A semi-documentary dramatization of five weeks in the life of Vice Admiral William F. "Bull" Halsey, Jr., from his assignment to command the U.S. naval operations in the South Pacific to the Allied victory at Guadalcanal.
We follow a band of American soldiers as they engage the Germans in a snowy, foggy winter near Bastogne in World War II. They're low on fuel, rations, and ammunition; the Germans are constantly encouraging their surrender via radio and leaflets, and most importantly, the pervasive thick fog makes movement and identification difficult and prevents their relief by Allied air support. This film focuses much more on the psychology and morale of the soldiers than on action footage and heroics. Written by
Michael C. Berch <email@example.com>
This is the first film in which actor Herbert Anderson was billed as "Guy Anderson." After several years, Anderson returned to the used of the name "Herbert." See more »
Holley hears Denise and Jarvess talking on the other side of the living room door and rushes into the corridor with a full cup of coffee. He takes one small sip and puts the now empty cup in his pocket. See more »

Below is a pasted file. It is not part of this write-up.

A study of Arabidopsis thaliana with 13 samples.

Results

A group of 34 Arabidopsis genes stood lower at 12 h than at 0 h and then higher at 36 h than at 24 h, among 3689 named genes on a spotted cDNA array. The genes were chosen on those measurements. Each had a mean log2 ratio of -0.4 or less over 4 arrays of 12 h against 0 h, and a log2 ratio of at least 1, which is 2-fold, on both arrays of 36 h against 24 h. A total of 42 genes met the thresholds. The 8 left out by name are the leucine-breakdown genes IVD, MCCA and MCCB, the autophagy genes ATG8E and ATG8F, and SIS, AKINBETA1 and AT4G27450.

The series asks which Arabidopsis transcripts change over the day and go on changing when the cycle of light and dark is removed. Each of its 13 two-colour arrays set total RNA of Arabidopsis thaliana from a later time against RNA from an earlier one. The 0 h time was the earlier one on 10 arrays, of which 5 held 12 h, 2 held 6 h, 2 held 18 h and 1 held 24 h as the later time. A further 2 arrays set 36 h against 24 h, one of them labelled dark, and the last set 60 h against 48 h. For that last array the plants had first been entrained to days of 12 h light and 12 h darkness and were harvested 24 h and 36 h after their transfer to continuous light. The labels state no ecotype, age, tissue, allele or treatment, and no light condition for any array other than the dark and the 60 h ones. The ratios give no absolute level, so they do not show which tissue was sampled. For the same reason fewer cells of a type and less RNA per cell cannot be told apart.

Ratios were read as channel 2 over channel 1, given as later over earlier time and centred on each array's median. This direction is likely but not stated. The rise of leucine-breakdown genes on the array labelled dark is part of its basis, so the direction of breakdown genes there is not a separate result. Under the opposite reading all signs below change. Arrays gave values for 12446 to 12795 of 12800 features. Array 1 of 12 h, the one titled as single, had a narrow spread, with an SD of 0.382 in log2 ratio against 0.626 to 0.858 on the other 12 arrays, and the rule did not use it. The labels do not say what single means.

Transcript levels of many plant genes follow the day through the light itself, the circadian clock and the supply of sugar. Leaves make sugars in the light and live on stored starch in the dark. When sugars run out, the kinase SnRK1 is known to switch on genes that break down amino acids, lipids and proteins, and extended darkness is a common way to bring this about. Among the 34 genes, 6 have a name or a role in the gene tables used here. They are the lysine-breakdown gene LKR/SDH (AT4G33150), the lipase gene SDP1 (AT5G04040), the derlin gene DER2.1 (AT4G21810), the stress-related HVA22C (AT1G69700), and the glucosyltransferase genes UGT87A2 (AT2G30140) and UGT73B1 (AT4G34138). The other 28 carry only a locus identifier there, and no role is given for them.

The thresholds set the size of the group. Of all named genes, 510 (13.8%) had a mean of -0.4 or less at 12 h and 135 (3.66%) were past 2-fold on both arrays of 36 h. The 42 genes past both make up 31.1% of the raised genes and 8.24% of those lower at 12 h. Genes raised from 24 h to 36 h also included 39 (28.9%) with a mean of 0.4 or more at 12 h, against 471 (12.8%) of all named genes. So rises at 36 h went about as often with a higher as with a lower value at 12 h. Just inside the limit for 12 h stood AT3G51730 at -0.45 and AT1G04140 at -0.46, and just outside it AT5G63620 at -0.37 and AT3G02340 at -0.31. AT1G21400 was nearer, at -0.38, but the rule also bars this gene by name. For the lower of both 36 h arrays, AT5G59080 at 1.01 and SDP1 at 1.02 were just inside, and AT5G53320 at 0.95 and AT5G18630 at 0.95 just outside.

[a nurse gives Hanson two shots of cognac for anesthetic]
Pvt. Ernest J. "Pop" Stazak:
If she pours him one more, I'm going out and getting myself shot.
See more »
An accurate and fantastic film without too much gore.
This is my favorite film about the Battle of the Bulge. The characters are absolutely real, and the story and screenplay are the actual experience of Robert Pirosh who was a member of the 101st Airborne and also the author and screenwriter of the film. Without getting lost in blood and gore, you nonetheless understand the death and carnage going on all around, and you feel you actually know these men. Robert Pirosh and Director William Wellman manage to bring the celebrated American sense of ironic humor to the film. That sense of humor, graveyard though it be, is one of the things that helps us, as Americans, get through times like those, and like these.
Most touching scene: The utter sadness when Pvt. Layton learns that his buddy, Pvt. Hooper, was killed by a mortar shell. William Wellman filmed Marshall Thompson from the back. The fall of his shoulders and head when they said "We didn't even find his dogtags" is an eloquence beyond words.
Most memorable repeated phrase: Pvt. Holley's "Oh, no!"